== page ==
Today, most of what I hear from sales people and executives is they are opportunity starved. They are all desperate to find more qualified opportunities. Prospecting and lead gen have become the dominant issues in many sales organizations.
There are, of course, the ongoing challenges of making sales people understand they must prospect! Clearly, lead gen programs aren’t producing enough and it is irresponsible for sales people not to prospect. But this post is not about getting people to prospect. I want to address the issue of how we are prospecting. We face all sorts of challenges in reaching and connecting in those first conversations:
- Our customers are crazy busy and don’t have the time to talk to us.
- How do we stand out in the rapidly increasing volume and noise our customers are exposed to? My friend Martin Schmalenbach tracked the prospecting emails he received in a year (legitimate emails, not junk), it was 12,500. I think he actually responded to 2 of the emails (Less than 0.02% of the emails he received). We have others suggesting we need to be “living at 1000 dials a day.” But what does it look like on the prospect side as more of us are living at 1000 dials a day? I know from my point of view, I just don’t pick up the phone unless I know who is calling and I want to talk to that person. In the face of all this, how do we get our customer’s attention? Seems too often the answer is just up the volume. Perhaps we need to be thinking about living at 2000 dials a day…….
- Our customers not only don’t have the time to talk to us, they don’t want to talk to us. We constantly hear, “Sales people talk about what they want to talk about, they don’t talk about what I want to talk about, They don’t understand me and my business, They waste my time (back to 1 again)!!”
Given that it’s so difficult to capture our prospects’ attention in that first contact, it seems critical that we create the very best first impressions for those prospects we manage to reach. We want to motivate them to continue the communication in some way. It’s our opportunity to capture the prospect’s interests and imagination. We want to set ourselves apart from all the other drivel they are subjected to, ideally, having them think, “There’s something different about this person, I want to learn more.”
But it seems all the things we do focus on squandering that opportunity.
- We focus on our product and how to pitch them, our first conversation ends up being what we are interested in, not what the customer is interested in.
- Our initial outreach is not personalized—even in the most basic ways, like “Dear Dave……” With all the “mail merge,” all the research tools available, if you haven’t even taken the time to know my name, why should I go any further? The emails that begin with “Hello….” or the calls that begin with, “May I speak to the person in charge….” (It’s always ironic, I answer the phone, “Hello, this is Dave Brock…..” Never once does someone respond, “Hi Dave,” of course their dialing system probably blocked them from hearing that.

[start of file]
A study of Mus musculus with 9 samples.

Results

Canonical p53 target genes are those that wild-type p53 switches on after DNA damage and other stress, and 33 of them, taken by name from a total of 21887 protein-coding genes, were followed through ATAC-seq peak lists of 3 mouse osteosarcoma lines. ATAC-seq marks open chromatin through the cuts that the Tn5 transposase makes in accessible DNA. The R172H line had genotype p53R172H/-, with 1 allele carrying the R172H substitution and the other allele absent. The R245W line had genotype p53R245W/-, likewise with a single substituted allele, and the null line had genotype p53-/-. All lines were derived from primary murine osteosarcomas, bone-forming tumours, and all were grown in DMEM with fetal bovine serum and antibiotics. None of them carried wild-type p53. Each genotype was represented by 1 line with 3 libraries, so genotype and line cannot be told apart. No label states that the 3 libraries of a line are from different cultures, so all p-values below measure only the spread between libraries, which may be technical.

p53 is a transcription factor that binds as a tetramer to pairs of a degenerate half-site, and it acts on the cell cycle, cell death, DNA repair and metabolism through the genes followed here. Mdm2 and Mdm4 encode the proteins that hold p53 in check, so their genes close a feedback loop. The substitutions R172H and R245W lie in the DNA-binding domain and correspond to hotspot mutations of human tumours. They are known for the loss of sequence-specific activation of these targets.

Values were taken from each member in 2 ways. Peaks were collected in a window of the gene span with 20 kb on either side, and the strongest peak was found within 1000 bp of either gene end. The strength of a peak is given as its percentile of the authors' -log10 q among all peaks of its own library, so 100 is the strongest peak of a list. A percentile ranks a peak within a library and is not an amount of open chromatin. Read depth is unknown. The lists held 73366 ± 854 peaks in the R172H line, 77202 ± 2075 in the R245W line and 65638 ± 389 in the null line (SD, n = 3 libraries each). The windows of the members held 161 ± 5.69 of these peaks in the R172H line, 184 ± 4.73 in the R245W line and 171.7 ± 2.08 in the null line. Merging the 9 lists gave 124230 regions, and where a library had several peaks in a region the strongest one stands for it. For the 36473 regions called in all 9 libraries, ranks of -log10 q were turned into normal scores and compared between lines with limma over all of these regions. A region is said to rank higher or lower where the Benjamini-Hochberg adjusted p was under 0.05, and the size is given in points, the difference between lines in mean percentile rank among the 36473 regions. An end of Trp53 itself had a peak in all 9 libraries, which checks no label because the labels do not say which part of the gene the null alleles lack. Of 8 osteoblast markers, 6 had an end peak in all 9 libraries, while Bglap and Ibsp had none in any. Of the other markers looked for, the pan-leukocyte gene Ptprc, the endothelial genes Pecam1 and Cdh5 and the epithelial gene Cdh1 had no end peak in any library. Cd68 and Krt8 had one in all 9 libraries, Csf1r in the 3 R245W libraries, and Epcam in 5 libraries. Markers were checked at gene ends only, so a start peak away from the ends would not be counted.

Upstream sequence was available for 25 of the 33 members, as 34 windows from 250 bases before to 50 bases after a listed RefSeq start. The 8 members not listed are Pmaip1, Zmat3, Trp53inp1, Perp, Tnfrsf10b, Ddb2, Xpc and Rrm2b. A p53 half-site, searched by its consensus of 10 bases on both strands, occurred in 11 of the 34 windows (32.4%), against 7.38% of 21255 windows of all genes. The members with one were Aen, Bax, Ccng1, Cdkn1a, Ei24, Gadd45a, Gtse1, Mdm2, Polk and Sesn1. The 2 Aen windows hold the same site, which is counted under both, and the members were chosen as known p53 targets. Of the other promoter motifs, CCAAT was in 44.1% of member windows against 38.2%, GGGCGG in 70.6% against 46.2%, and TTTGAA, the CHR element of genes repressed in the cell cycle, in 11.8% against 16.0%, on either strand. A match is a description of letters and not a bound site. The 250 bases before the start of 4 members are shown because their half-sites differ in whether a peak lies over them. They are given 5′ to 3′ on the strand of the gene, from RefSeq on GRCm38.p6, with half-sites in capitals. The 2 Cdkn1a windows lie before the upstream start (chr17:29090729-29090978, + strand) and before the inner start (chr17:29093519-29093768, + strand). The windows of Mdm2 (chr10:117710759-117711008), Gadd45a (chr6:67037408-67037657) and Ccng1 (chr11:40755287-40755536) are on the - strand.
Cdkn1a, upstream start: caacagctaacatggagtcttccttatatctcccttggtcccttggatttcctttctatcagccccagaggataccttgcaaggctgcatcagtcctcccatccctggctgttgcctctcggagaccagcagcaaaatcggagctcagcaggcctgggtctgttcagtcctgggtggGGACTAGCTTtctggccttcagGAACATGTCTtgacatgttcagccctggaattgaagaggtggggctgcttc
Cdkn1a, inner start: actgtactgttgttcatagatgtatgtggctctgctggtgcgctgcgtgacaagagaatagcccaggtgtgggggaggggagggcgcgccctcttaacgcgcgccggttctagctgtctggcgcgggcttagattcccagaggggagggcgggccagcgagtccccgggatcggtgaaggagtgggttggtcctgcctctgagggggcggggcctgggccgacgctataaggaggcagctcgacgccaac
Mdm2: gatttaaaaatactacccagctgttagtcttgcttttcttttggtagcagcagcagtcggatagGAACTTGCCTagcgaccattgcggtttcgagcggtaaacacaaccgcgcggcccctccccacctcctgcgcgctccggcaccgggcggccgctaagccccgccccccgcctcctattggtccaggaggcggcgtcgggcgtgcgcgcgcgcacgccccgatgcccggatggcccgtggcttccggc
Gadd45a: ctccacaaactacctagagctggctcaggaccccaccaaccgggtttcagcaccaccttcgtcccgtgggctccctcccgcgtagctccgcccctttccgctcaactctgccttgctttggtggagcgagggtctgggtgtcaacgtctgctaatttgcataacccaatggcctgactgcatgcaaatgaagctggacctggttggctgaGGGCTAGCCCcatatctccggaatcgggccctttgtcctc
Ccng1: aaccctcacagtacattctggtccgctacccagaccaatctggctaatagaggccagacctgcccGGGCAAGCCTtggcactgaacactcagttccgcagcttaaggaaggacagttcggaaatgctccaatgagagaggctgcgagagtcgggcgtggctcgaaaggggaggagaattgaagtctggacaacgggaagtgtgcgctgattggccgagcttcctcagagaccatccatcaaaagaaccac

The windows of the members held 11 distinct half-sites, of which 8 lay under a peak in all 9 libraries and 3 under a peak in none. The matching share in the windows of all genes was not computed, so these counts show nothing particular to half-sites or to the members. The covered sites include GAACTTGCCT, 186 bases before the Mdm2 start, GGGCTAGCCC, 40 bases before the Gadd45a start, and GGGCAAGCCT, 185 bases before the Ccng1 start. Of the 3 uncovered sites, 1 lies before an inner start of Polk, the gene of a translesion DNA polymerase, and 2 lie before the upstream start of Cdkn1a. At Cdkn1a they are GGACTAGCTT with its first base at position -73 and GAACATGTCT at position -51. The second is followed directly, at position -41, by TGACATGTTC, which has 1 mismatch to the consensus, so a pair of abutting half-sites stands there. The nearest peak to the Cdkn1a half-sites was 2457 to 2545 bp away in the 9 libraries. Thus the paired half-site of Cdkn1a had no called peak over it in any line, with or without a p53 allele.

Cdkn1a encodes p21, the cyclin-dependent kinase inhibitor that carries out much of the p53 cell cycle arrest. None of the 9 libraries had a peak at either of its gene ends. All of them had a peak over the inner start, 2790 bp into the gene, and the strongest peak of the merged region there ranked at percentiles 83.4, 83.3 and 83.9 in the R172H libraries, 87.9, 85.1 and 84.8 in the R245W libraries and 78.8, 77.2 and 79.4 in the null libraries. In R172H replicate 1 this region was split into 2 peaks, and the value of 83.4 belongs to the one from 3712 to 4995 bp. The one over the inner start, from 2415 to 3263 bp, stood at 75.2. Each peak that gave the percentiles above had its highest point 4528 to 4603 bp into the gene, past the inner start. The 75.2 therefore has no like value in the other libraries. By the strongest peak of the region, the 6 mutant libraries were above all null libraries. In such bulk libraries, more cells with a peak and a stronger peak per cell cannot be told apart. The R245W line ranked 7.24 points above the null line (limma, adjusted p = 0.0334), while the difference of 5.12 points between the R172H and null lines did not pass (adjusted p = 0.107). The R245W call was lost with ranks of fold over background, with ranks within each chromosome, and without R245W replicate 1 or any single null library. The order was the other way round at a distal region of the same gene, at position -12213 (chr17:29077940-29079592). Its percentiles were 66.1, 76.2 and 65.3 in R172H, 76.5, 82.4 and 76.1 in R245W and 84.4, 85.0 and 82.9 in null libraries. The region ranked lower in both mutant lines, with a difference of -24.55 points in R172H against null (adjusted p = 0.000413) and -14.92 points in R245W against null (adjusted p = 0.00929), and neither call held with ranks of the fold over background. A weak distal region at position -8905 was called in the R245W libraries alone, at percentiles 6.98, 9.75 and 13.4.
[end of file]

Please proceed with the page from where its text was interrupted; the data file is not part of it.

- Our initial outreach is unresearched and ill prepared. Less than 10% of the time, when I pose the question, “Do you know who I am and what my company does,” can someone respond in an informed manner. Even those people following up on something I downloaded.
- We put our most inexperienced people in the roles of making those initial contacts and creating those first impressions. I feel horrible in my conversations with SDRs prospecting me. They don’t have enough knowledge or experience to be able to have a meaningful conversation with me. They want to connect me with someone who can. It’s not their fault! They are just doing what they have been trained to do and what they are measured on.
Since it is so difficult to get our prospects to respond to anything we do, why aren’t we doing everything we can to create the very best first impression we can? Why aren’t we putting our best feet forward in each attempt to engage a prospect.
Technology enables us to deeply segment and personalize each email we send, maximizing the relevance to the customer. Yet for some reason, both marketing and sales choose not to exploit the capabilities they are already paying for.
Why aren’t we putting aligning our “sales personas” with the “target prospect persona” in our prospecting call. It is unreasonable to expect our least experienced sales people and SDRs to have a high impact first conversation with a mid-level to C level executive in most calls. Why don’t we staff those calls with people who have experience in those types of conversations? Then why don’t we require those people to do a minimum amount of research, so they can talk to the customer about things the customer wants to talk about rather than what we want to talk about?
Ironically, when we create those great first impressions, more people want to talk to us. Then the number of outreaches we have to make to fill our pipelines declines. I don’t have to have 25 to 50 conversations a day to fill my pipeline, because the quality of the conversations I have, the level or targeting, the level of engagement I create means I have to have a far fewer number of conversations to make my number.
We all know the importance of first impressions. What are you doing to maximize the first impressions you create?